Today is World Intellectual Property day, the day on which the World Intellectual Property Organization would like public awareness of IP to be heightened. It is not, perhaps, the most exciting of international days of observance, but is a fitting one on which to explain the title to this blog.
This is not exclusively, or even primarily, an IP blog, though as a former full-time IP/IT lawyer it strays into that territory from time to time. The title of the blog, however, does relate to IP law and arises out of an anecdote of my late father’s.
My grandfather, Bryan MacMahon, was a school teacher, writer and balladmaker. He spent a lot of time travelling the country to collect ballads that might otherwise be lost and composed ballads of his own.
Given the place of oral tradition in the world of ballads, it sometimes happened that ballad singers would lose track of who wrote a particular ballad and they might be designated “Anon” or “Traditional”. The balladmaker with an eye on his IP would, of course, make it known publicly that the ballad in question was not traditional or of anonymous origin, but his or her own copyright.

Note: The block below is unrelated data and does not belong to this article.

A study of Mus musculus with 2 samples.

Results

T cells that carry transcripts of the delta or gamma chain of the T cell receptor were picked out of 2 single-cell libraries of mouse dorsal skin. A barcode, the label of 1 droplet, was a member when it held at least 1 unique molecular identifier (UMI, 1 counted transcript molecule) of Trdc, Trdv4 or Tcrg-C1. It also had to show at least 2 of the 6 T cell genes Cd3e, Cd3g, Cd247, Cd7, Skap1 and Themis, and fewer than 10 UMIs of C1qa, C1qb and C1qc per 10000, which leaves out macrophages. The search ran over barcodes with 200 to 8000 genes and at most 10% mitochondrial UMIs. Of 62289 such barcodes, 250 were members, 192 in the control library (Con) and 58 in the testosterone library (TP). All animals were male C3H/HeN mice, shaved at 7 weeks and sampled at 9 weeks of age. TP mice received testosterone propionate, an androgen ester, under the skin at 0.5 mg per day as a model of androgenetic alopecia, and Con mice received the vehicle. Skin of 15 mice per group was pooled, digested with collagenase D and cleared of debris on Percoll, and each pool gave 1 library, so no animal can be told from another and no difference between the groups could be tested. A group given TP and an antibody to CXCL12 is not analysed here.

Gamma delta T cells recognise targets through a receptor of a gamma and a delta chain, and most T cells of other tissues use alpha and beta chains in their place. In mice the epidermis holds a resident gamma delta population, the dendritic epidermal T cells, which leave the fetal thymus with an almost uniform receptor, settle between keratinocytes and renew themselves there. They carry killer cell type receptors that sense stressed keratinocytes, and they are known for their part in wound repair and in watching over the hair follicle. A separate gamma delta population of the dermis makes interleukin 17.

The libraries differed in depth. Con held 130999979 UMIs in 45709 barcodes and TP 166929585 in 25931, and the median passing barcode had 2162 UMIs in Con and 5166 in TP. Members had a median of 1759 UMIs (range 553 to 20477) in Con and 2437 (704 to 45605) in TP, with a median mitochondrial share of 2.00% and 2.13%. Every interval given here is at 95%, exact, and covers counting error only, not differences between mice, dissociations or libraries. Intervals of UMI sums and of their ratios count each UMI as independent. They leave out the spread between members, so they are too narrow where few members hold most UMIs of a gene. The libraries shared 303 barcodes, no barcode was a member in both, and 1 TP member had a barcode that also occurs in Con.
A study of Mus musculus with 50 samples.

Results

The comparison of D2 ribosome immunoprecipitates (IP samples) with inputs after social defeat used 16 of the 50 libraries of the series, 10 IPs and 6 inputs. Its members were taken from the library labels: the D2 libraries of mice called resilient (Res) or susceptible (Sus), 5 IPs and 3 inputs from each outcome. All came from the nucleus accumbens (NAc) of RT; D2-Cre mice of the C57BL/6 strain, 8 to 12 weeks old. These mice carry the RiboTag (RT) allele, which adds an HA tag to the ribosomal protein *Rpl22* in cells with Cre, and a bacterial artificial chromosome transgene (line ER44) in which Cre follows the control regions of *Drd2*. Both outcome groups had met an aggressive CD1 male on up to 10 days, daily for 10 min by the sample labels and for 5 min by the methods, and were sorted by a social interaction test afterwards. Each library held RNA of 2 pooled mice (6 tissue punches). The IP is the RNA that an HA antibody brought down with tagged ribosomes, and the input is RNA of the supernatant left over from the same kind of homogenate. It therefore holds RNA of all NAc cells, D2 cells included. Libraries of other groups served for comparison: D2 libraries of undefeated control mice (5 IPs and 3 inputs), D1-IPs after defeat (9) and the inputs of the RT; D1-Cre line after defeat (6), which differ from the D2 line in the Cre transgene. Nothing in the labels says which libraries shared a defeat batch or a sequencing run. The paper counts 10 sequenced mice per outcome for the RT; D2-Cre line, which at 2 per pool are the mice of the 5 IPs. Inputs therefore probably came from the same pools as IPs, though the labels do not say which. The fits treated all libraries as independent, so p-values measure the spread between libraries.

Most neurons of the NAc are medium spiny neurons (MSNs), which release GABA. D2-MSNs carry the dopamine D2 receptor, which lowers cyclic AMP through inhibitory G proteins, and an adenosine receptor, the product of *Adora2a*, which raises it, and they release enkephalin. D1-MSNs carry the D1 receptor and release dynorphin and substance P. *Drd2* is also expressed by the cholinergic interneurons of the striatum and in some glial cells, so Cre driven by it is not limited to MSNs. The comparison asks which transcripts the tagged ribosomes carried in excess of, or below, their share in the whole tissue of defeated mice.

Sometimes, however, there was a conscious effort to “forget” the original balladmaker and a balladsinger might claim something as his own. One such episode of forgetfulness became known to my father and resulted in the following cease and desist poem:
FOR A PLAGIARIST.
Some men take your character,
Some men filch your purse,
But a bard who steals a dead man’s verse
Is a thief who is far, far worse.
You stole pennies from a dead man’s eyes,
As mean as I ever saw,
And if you try it once again,
You’ll get a clatter of the law!
Upon hearing this, the alleged infringer exclaimed delight and requested ten copies.
Comhaltas Ceoltóirí Éireann have an excellent new online archive, launched recently, which includes interviews with Bryan MacMahon about ballads (eg. “What’s a ballad?” and “Ballad competitions“) and recordings of Garry McMahon (eg. “Thousands are sailing to America” and “Yorkshire Pigs“).